Unhealthy doses of red tape
So, it's official. Despite the huge sums poured into the NHS over the past decade, a new report reveals that "blind pursuit" of political and managerial targets has led to a lack of focus on patients' interests and needs.
Well, we knew that, didn't we? And if you substitute "NHS" for "education", and "patients" for "children", you have a pretty good picture of what has happened in our profession, too.
Yes, money has been forthcoming, buildings have been refurbished, and class sizes are more acceptable. We couldn't have said that during the last Tory administration. But huge amounts of money are still wasted. The staggering cost of a failed initiative such as the "literacy hour" makes me shudder, let alone the sheer stupidity of aspects of it.
The modern foreign languages initiative demands that our MFL teaching is up and running by the end of this year - and I'm all for children learning a second language - but many of our inner-city schools already struggle with up to 40 languages and dialects, and many children who speak little English.
Millions of pounds are being poured into ICT and the managed learning environment - mandatory for all schools by 2012 - yet we have hardly grasped the full potential of electronic whiteboards, or coped with the cost of repairing and upgrading the costly ICT equipment that schools are now expected to use.
When I consider recent changes in primary education, it seems we hardly have time to breathe before another set of demands is unleashed. I still do a fair bit of teaching - I think it's important that I should - but to do so I must take home a lot of administrative work.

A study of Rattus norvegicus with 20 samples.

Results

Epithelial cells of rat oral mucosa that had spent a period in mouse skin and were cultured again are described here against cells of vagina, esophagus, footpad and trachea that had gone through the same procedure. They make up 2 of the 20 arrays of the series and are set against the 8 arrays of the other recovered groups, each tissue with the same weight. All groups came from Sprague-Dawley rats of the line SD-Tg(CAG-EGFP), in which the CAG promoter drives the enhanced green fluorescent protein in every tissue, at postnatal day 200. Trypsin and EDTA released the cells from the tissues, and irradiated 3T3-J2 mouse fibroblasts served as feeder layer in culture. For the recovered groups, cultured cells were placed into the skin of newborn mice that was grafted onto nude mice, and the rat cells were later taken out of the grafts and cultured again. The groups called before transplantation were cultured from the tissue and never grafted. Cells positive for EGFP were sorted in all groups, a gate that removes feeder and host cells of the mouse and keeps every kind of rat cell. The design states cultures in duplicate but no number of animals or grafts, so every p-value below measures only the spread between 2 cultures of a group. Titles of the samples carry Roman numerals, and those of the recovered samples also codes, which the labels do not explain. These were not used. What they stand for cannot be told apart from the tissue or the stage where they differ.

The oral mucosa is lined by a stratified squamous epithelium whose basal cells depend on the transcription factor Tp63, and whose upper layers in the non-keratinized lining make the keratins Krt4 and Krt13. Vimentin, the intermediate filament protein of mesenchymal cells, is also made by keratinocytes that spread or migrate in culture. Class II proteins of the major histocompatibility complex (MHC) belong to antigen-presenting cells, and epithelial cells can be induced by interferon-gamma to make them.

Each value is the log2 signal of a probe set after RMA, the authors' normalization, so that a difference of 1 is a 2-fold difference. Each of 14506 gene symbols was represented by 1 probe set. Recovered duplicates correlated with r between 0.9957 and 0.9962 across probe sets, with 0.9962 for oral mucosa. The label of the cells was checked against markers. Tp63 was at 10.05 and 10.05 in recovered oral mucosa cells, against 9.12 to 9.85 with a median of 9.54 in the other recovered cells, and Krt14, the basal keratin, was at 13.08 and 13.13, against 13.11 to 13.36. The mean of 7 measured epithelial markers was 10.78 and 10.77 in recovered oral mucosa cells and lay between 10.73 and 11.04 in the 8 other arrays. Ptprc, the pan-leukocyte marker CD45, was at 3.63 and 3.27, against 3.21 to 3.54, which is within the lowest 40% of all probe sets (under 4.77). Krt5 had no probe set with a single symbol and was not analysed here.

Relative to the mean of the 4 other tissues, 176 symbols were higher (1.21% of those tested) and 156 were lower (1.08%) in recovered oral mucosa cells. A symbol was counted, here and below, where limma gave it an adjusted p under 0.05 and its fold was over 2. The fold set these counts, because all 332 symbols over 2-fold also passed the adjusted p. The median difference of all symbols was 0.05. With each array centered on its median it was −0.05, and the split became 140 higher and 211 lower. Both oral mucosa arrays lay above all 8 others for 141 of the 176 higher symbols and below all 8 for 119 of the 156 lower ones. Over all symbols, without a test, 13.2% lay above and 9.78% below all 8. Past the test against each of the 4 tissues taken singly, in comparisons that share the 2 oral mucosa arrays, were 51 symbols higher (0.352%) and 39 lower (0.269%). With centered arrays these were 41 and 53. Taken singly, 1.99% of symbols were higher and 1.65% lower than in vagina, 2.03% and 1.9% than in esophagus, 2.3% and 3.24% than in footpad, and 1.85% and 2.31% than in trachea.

Every year, I am visited by paper-hungry officials - fire-risk people, financial management standard in schools auditor, safeguarding assessor, health and safety lady, moderators from the local authority, not to mention the people from human resources, whose demands are so wide-ranging that I could spend my entire existence gathering all the documents they want. I am expected to be an expert in many specialist fields.
Yet try to get a school nurse or a decent educational psychologist or a speech and language therapist and you might as well be seeking a four-leaf clover. Even when you find a school nurse, you will be hard pressed to get her to measure anything or carry out a straightforward hearing test. Check a child's hair for nits? Oh, come on!
We have an inspection system which has been linked to cases of staff ill-health, and even suicide, and questionable institutions such as the General Teaching Council demanding teachers' money, doing little that is useful to them and then sending out strange questionnaires (like the recent one asking teachers to tick a box if they considered themselves too disabled to do their job).
I am required to produce an annual school improvement plan, a self-evaluation plan, a risk assessment every time a class leaves the building, and policies for everything from healthy eating to restraining children when they go berserk. Meanwhile, my admin officer is constantly dealing with complex, and often irrelevant, government data-gathering demands.
Teachers are no longer trusted to do their job without producing reams of planning, targets and tracking data. Local authority officers rarely show an interest in your school unless your data suggests "targets" are not being met, and we are still plagued by Sats and league tables and lashings of mindless bureacracy. Did you know the Government and national agencies issued 459 documents between 1996 and 2004 just on literacy teaching?
Oh well. At least I'm never short of something to write about ...
Mike Kent is headteacher at Comber Grove Primary in Camberwell, south London. Email: firstname.lastname@example.org.